Alaska “Fundamentally on Wrong Track” on Rural Law Enforcement

ANCHORAGE: Wednesday in Anchorage, the bipartisan Indian Law and Order Commission (ILOC) slammed the Parnell Administration’s record on rural law enforcement, saying that Alaska is “fundamentally on the wrong track.”

The ILOC recommended strengthening tribal sovereignty as a means to reduce violence in rural areas, but the Parnell Administration responded with a lengthy letter that said “we disagree with the means you suggest to accomplish that goal” of reducing violence.

“We think Alaska is fundamentally on the wrong track with how it deals with Alaska Natives, with an issue so important as sovereignty and self-determination,” said ILOC Chairman Troy Eid, a Republican and former United States Attorney appointed by George W. Bush. “I would hold my conservative credentials to Attorney General Geraghty’s of the governor’ anytime,” Eid said yesterday as he criticized the Parnell record.

The Indian Law and Order Commission was established by Congress in 2010 with legislation supported by the Alaska delegation. In its recently-issued report, ILOC said Alaska has the highest rates of domestic and sexual violence while tribal governments have the least ability to address those crimes locally. The Commission characterized the lack of tribal sovereignty as “indefensibly expensive to all Alaskans in terms of the human and economic toll.”

ILOC head Troy Eid said that when the Commission visited Tanana, “A woman comes up to you in a room and says you know what Troy, every woman in this room, everyone of us have been raped. And people start to nod their heads. She said it’s not just some of us, it’s not just the two thirds you read about, it’s not the fact that it is ten times the reported average than the rest of the United States for aggravated sexual assaults against women, its everyone that you have met. I know these people I grew up with them, they have all been raped.”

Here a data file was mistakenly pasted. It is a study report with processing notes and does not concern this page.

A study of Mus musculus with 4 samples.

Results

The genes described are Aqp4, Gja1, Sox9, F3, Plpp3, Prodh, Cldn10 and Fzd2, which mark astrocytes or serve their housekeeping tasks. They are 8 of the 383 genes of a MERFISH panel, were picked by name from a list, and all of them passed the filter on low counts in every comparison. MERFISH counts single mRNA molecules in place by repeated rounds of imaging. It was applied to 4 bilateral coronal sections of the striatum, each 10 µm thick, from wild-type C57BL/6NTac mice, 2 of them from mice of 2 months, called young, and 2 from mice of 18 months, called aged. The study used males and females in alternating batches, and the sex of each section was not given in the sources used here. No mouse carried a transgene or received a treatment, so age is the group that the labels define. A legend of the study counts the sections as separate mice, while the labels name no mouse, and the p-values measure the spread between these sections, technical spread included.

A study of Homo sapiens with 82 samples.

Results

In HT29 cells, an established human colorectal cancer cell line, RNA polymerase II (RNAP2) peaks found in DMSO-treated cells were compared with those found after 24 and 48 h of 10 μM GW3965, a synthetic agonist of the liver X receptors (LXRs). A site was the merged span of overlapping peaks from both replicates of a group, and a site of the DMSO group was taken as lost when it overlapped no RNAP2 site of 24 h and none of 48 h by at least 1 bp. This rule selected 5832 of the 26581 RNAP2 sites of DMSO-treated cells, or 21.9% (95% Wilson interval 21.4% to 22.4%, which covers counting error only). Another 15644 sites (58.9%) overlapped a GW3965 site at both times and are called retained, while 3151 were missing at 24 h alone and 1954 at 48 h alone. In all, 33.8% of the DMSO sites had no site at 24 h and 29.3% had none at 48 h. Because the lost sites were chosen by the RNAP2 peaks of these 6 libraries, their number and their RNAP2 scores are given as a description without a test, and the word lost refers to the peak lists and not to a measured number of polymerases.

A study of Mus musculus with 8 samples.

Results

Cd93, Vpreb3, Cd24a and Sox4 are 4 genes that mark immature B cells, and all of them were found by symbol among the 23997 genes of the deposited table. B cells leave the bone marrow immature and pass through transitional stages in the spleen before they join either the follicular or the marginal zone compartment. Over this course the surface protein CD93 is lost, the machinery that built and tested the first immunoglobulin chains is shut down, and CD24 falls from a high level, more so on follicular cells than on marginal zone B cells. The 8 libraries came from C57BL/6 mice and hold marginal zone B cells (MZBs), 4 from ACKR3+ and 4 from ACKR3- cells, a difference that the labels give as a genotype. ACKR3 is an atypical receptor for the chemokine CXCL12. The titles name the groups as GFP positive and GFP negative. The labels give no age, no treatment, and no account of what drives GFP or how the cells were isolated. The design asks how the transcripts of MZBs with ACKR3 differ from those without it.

The ILOC report focuses on reducing domestic violence in Alaska, noting “The situation in Alaska is urgent…and of national importance…The Commission’s findings and conclusions represent the unanimous view of nine independent citizens, Republicans and Democrats alike: It is the Commission’s considered finding that Alaska’s approach to criminal justice issues is fundamentally on the wrong track.” Moreover, the Commission found that responsibility for rampant crime in rural Alaska “lies primarily with the State’s justice system.”

In his presentation yesterday, Troy Eid elaborated, saying “And we think that very strongly that the role that nations, in this case Alaska Native Nations have ought to be respected, not just by the Federal Government but by the State Government.”

The ILOC report made several recommendations to reduce crime in rural Alaska, including collaborating with tribes on other criminal justice issues, deputizing tribes to provide a wide array of criminal justice services, and adopting a policy of state deference to tribal authority in tribal communities. These recommendations are the polar opposite of Parnell Administration efforts to undermine tribal sovereignty through the Kaltag, Minto, and other court cases. As Attorney General Geraghty’s letter in response to the ILOC report makes clear, the Parnell Administration will continue to oppose tribal sovereignty even though such opposition has been found to exacerbate rural violence.